For busy people, cooking ahead can be a lifesaver—a way to get a nutritious meal on the table quickly even on hectic days. Making lasagna or a big pot of soup ahead of time, then dividing it into proper portions for other meals later, makes sense.

While many people store leftovers in plastic containers (including anything from matching storage sets to empty yogurt containers), scientists have raised cautions about safety. The concern focuses on polycarbonate plastics that include the chemical bisphenol A (known as BPA), and the possibility that BPA can move from the plastics into food. The National Institute of Environmental Health Sciences recommends against microwaving polycarbonate plastics or washing them in dishwashers; heat may break down the plastic and allow BPA to leach into foods. You can check your plastic containers by looking for the number 3 or 7 next to the recycling triangle—these may contain BPA.

Increasingly, food storage containers are being marketed that are BPA-free. But some consumers have concerns about the safety of other forms of plastics, too, so they’re switching to glass, stainless steel, or porcelain for food storage.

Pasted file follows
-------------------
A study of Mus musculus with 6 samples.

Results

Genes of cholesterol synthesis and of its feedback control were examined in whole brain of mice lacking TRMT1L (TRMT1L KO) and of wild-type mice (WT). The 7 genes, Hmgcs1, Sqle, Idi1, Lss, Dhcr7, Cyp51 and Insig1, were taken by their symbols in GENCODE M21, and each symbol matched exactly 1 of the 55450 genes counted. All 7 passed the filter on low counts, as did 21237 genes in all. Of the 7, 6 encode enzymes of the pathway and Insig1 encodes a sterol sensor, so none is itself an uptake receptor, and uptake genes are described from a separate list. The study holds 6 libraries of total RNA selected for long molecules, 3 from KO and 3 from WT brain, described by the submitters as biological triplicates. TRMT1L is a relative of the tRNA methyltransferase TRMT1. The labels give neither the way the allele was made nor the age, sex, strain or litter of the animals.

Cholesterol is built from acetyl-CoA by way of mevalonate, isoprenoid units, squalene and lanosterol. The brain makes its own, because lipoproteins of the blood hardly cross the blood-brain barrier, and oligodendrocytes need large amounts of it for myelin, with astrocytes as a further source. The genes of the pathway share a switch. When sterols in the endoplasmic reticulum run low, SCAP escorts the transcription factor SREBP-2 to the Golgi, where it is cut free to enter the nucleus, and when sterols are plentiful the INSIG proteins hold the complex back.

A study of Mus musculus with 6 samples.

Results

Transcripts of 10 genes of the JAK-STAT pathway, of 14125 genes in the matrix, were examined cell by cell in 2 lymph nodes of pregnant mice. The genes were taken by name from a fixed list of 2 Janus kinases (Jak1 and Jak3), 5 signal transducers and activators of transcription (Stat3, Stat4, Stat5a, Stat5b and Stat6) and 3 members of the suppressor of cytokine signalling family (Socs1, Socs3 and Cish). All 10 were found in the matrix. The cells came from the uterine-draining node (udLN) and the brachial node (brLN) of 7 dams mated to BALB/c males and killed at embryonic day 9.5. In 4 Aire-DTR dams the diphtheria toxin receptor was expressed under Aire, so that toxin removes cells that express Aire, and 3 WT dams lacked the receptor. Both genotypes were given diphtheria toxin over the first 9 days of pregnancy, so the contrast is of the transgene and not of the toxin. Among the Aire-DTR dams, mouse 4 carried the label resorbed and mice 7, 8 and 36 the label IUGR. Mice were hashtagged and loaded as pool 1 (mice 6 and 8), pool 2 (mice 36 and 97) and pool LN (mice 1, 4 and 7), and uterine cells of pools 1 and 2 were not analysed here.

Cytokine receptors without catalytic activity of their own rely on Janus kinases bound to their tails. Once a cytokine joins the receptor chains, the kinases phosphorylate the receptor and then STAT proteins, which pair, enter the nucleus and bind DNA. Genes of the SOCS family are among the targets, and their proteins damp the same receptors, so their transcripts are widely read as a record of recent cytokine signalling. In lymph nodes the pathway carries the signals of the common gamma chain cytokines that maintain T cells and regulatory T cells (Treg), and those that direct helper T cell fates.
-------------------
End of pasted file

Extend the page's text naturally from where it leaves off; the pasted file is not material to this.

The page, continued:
When shopping for new containers, look for freezer-to-oven storage sets, which typically feature tempered glass containers with removable plastic lids. Although glass is safe for reheating in either the microwave or oven, some manufacturers recommend not putting glass dishes straight from the freezer into a hot oven because the sudden temperature change might shatter the dish. They suggest placing the container in the fridge to thaw first before reheating.

Organize your containers for easy access

It’s the stuff of nightmares: so many food storage containers crammed into the kitchen cupboard, so few lids that match. Giving a little thought, however, to how you store food can save time and cleanup down the road.

Start by taking inventory—finding out what you already own and what’s in good shape (the lids need to fit tightly to keep out air), and if these sizes really meet your needs.  Match up what you have, then send containers without lids (and mismatched lids!) to the recycle bin.

Stackable square or rectangular containers (as opposed to round) will make the best use of space in your cabinet, freezer, and refrigerator.

Quick container tips

Inexpensive disposable containers are great for potlucks or bringing a meal to help out a friend or neighbor—no worry about returning the dish. At home, you can store soups or stews in plastic freezer bags, then pour into an oven-safe container to reheat. And you don’t have to limit yourself to what’s marketed as “food storage” containers—some thrifty folks routinely use Mason jars intended for canning to store leftovers in the fridge instead.